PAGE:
Horizon Europe to Fund Research on Genome Editing in Agriculture

Wednesday, February 17, 2021

Its French co-inventor, Emmanuelle Charpentier won a Nobel prize last year. Now the European Commission says the EU should look to the ‘major advances’ CRISPR gene editing provides to boost yields and reduce the environmental footprint of agriculture

Horizon Europe is to allocate €5 million for projects aimed at understanding the benefits and risks of genome editing technologies in agriculture over the next two years, according to a leaked draft work programme.

The move is in support of the ‘Farm to Fork’ plan to reduce the use of fertilisers by 30 per cent and turn 25 per cent of agricultural land over to organic farming. To reach these objectives, the Commission says the EU needs to “enable major advances in the life sciences and biotechnology, in new genomic techniques, such as gene/genome editing.”

Plans for the €5 million call come after EU agriculture ministers called on the Commission last October to enable the use of “new innovative ingredients and techniques” to boost sustainable food production, once they are shown to be safe for humans, animals and the environment. The headline figure for the call is only indicative, and the Commission could fund proposals that go beyond this figure.

Also last October, French scientist Emmanuelle Charpentier, director at the Max Planck Institute for Infection Biology in Berlin, and her collaboration partner Jennifer Doudna, were awarded the Nobel prize in chemistry “for the development of a method for genome editing.”

But as things stand, precision breeding of plants with gene editing technologies cannot be used in the EU, following a 2018 ruling by the European Court of Justice (ECJ), which founds genome editing is subject to the 2001 EU directive banning genetically modified organisms (GMOs).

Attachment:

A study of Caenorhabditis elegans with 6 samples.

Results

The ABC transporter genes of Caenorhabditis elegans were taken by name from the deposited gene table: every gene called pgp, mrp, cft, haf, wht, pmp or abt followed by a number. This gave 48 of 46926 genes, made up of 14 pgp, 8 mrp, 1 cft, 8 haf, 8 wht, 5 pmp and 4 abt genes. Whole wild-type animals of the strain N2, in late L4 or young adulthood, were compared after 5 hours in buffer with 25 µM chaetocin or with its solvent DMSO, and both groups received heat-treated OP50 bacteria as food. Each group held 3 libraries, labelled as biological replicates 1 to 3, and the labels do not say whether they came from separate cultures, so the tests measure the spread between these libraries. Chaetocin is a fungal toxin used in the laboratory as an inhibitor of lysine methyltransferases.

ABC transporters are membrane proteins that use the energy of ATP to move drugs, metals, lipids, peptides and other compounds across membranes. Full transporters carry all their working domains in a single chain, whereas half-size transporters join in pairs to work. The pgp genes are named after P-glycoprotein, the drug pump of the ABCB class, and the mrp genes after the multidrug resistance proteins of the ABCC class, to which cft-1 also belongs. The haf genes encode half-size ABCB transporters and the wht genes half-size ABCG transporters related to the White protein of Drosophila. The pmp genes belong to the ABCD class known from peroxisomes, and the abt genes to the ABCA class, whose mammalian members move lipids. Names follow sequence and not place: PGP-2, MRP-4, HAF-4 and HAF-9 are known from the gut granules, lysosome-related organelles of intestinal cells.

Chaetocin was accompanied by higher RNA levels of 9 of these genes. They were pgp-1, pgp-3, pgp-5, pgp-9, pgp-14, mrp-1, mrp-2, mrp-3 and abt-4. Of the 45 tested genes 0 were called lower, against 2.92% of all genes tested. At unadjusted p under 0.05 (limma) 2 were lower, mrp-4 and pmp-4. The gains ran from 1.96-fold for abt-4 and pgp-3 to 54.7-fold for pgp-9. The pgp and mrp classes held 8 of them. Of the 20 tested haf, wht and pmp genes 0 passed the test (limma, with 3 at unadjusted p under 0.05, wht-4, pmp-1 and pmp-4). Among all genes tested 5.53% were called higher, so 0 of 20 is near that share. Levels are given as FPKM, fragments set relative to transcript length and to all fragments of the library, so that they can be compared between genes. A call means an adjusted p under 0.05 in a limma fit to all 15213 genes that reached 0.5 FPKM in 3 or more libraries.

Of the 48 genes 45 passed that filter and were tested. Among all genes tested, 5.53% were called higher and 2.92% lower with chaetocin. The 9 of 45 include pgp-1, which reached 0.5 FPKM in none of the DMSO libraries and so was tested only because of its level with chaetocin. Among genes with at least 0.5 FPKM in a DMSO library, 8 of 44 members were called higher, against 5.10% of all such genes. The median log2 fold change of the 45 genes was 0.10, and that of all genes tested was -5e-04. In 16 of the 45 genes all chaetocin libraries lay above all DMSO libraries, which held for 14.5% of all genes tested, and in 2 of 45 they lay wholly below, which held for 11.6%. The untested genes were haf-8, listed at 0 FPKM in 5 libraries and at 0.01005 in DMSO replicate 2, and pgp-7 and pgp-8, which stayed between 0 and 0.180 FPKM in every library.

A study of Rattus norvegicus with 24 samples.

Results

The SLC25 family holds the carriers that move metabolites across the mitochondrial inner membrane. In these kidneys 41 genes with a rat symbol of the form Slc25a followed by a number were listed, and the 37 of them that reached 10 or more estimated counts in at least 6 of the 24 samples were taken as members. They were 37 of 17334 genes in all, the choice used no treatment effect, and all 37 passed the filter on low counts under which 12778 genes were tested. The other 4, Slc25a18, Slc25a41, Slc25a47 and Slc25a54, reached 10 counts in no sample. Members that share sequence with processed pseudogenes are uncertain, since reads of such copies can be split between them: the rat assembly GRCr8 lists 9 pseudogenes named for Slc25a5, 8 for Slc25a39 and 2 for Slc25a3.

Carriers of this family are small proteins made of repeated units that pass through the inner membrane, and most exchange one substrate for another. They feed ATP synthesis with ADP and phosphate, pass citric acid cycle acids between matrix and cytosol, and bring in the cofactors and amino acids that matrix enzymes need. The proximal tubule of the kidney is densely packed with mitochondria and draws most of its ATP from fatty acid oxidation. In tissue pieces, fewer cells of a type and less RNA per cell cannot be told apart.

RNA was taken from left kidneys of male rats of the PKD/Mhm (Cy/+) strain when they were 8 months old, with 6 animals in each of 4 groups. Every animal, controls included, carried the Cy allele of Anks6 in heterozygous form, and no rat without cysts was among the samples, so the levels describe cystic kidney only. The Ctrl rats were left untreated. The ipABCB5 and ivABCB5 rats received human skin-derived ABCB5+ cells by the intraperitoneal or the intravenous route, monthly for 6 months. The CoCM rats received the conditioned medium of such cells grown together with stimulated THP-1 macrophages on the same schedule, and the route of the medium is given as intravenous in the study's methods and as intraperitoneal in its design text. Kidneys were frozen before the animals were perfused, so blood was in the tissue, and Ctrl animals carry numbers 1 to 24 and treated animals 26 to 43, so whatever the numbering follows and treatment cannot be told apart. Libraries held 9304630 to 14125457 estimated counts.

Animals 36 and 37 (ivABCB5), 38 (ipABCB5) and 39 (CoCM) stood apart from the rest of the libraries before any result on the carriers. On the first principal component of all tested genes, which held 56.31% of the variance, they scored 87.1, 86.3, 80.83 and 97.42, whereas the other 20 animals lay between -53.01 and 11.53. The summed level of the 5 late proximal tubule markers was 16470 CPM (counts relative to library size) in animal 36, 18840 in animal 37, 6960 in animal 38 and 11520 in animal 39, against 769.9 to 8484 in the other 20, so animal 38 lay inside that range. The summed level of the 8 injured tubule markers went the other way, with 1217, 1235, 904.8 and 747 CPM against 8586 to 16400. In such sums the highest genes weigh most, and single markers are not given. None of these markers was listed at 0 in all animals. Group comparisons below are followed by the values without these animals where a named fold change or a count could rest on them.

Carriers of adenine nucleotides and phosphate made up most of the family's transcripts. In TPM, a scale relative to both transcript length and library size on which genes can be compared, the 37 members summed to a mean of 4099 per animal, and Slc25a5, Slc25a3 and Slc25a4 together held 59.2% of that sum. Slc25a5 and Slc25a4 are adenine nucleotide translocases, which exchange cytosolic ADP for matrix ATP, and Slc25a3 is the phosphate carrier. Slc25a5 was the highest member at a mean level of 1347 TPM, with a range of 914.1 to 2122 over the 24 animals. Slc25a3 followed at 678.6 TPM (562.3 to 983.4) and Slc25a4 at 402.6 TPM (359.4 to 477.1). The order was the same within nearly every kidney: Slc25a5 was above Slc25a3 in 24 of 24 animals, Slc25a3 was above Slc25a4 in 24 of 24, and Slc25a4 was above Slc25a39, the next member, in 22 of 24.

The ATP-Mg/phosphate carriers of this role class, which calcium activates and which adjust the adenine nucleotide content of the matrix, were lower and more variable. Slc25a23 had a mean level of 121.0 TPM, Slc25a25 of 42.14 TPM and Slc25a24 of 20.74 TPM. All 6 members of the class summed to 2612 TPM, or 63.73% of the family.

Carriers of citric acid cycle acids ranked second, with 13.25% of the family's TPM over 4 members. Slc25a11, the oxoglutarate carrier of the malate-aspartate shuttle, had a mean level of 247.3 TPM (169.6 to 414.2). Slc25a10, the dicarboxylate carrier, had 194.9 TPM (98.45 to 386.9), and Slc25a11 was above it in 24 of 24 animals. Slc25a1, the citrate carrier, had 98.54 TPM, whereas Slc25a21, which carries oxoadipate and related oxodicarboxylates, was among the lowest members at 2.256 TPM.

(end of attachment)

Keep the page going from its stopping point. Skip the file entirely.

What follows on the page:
In an early post-Brexit move, the UK last month launched an industry consultation on gene editing, as it seeks to move away from EU regulations on genetically modified organisms (GMOs). Depending on the outcome, there will be a second consultation on changing the definition of a GMO. The UK government view is that organisms produced by gene editing or by other genetic technologies, should not be regulated as GMOs if they could have been produced by traditional breeding methods.

The proposed €5 million for genome editing research is a small part of a total of  €1.83 billion that is to be spent in 2021 and 2022 on Horizon Europe’s sixth cluster on food, bioeconomy natural resources, agriculture and environment, the draft work programme from December 2020 has revealed.

The European Commission is expected to publish the official work programmes with final funding figures and deadlines for application by the end of April. However, many research stakeholders have had access to draft versions of the documents posted online. Science|Business has published a trove of such documents, which offer researchers a detailed insight of how the €95.5 billion funding programme will be organised.